The Hundred Hearts
"If it is true, and I think it is, that literature often serves as a sounding board for the collective psychic preoccupations of a particular time and place, then it is perhaps not surprising, in our post millennial financial implosion world, that the American Dream is receiving some pointed literary scrutiny these days. If it is also true that one sees one’s culture most clearly from a distance, then it seems doubly fitting that transplanted American (now Canadian) William Kowalski, should be the author of The Hundred Hearts, a novel that explores with clear-sighted empathy, exceptional dialogue and characterization, honesty, and, counterintuitively, much wry humour, the intricate relationship that exists between that dream, and the soldiers deployed in its defense."
"Both Jeremy and his grandfather Al, are war veterans with dark secrets to guard, and who have, each in his own way, struggled with reintegration into his community and his country. Although now apparently recovered, Al suffered for many years after his return from the Vietnam War, from depression and alcoholism. The collateral damage was, for the family, significant and the tracing of its ongoing effects is one of the major preoccupations of the story."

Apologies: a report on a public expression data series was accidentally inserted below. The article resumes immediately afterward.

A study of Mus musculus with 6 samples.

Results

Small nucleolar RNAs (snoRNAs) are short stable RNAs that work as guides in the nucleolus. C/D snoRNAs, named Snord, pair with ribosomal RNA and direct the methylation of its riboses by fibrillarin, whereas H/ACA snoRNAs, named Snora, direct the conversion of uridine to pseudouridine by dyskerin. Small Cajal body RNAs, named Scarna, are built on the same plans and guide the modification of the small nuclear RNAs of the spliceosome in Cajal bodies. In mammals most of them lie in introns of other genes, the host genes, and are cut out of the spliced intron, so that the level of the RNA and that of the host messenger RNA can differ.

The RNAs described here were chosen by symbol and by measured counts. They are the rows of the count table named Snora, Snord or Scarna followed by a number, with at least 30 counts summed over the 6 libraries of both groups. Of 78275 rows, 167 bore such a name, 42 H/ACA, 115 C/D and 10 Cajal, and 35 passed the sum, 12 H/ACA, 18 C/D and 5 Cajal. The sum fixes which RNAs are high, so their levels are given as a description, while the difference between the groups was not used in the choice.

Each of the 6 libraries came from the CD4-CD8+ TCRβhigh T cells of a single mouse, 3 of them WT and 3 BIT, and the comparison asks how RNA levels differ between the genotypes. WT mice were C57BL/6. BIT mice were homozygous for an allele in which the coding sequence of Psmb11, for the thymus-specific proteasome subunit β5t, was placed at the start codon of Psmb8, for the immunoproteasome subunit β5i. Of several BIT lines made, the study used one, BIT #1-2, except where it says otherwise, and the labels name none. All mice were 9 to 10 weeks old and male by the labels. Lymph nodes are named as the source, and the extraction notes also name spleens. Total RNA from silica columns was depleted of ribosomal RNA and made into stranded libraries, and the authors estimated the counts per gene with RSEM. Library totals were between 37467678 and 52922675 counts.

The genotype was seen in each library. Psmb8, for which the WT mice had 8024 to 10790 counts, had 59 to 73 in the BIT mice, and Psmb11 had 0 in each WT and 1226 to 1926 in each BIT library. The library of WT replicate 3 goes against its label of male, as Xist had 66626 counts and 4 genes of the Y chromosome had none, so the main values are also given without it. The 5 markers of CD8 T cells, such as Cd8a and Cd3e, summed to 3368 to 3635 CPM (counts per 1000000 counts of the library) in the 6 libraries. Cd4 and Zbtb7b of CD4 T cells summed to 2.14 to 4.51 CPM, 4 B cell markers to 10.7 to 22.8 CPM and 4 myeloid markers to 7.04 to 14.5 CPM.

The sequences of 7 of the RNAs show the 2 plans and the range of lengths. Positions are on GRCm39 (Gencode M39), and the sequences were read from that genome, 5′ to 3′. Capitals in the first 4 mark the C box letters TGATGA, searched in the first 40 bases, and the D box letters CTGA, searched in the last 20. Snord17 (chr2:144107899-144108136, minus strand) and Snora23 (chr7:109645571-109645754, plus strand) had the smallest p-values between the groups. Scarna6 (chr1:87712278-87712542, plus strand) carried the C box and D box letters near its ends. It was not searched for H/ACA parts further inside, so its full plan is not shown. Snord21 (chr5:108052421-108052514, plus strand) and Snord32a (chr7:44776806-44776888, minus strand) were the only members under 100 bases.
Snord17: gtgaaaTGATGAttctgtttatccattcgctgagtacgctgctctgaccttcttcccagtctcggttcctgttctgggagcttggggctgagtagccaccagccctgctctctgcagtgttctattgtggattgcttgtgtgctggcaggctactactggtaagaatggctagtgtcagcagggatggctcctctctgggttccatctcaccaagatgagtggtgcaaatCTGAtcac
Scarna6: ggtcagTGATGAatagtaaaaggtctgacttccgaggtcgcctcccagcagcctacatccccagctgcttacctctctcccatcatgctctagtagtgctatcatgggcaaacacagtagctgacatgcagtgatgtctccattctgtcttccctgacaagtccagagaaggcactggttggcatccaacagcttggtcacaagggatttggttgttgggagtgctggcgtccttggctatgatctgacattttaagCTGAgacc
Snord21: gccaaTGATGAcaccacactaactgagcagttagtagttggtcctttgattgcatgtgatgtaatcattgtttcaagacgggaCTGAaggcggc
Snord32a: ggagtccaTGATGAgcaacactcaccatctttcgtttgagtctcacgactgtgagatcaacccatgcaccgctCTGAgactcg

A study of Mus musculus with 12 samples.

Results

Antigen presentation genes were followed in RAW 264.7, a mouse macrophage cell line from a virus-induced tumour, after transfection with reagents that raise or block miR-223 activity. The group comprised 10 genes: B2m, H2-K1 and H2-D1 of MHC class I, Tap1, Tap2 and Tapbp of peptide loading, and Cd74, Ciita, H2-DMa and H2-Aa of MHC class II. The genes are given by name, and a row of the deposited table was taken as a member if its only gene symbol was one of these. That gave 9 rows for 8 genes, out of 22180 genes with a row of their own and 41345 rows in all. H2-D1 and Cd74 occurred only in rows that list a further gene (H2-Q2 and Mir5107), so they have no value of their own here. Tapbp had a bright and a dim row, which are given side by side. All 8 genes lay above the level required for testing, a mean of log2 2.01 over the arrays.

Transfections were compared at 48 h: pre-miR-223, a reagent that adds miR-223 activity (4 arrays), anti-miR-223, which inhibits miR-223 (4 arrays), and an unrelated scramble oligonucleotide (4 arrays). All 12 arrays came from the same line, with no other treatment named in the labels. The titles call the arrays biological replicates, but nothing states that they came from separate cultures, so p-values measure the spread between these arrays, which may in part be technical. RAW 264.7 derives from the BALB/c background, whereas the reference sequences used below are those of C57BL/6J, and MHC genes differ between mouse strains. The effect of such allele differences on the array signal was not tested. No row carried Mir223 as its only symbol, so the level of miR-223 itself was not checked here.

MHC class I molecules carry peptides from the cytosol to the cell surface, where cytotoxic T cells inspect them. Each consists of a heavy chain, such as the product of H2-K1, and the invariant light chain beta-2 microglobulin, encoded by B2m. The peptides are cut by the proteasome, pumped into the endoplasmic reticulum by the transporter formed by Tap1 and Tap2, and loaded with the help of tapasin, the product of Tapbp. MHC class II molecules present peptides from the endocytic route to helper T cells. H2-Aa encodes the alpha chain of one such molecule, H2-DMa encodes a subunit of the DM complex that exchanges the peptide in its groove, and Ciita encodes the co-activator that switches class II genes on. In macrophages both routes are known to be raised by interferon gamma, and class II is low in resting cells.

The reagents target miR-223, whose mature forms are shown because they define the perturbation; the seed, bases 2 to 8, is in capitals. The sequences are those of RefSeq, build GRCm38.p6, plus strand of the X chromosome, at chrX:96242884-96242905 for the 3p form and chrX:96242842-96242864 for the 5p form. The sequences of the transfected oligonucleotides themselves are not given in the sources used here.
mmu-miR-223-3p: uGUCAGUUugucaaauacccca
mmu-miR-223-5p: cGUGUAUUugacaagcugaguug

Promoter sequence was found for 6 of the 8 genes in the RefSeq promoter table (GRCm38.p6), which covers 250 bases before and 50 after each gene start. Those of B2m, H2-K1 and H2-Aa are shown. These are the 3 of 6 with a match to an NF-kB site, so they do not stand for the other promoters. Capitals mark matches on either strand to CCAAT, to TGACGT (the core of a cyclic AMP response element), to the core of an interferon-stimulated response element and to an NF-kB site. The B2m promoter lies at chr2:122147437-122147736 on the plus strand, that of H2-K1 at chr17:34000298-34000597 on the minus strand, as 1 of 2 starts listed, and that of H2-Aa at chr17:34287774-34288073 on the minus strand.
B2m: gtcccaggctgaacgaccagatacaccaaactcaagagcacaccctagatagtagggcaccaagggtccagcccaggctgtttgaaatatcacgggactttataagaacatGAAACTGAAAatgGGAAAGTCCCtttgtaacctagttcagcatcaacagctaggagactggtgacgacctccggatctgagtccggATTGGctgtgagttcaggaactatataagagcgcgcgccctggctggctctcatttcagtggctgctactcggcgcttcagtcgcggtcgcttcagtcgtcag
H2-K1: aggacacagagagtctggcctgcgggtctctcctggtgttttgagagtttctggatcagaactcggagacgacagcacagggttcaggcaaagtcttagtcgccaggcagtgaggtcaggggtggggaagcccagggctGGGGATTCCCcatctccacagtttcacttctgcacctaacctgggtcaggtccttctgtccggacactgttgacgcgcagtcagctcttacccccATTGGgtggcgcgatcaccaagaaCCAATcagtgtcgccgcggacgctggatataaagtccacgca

"The story begins on what seems to be an optimistic note for Jeremy, as he begins his new career as a high school physics teacher in Elysium, after five years of struggle to recover from physical and emotional injuries incurred in an IED bomb blast while on duty in Afghanistan. He returned from service with spinal cord damage which left him with chronic pain alleviated only by the use of medical marijuana, significant memory issues, and a raging case of PTSD. The sense of optimism, however, is quickly challenged as Jeremy’s essential honesty leaves him open to manipulation, and he is entangled in a career-threatening situation involving an unstable female student, her possibly crazy Gulf War veteran father, and potentially bad cop stepbrother. Although initially masked by his aversion to complaining, the reader also gradually becomes aware of the extent of Jeremy’s disabilities, and to appreciate the heroism involved, for him, in everyday living."
"Along the way, one is invited to examine the ancient and profound contract between soldier and country. This contract, already complex, is exponentially complicated when the national ideology, the American Dream, has, itself, come increasingly into question."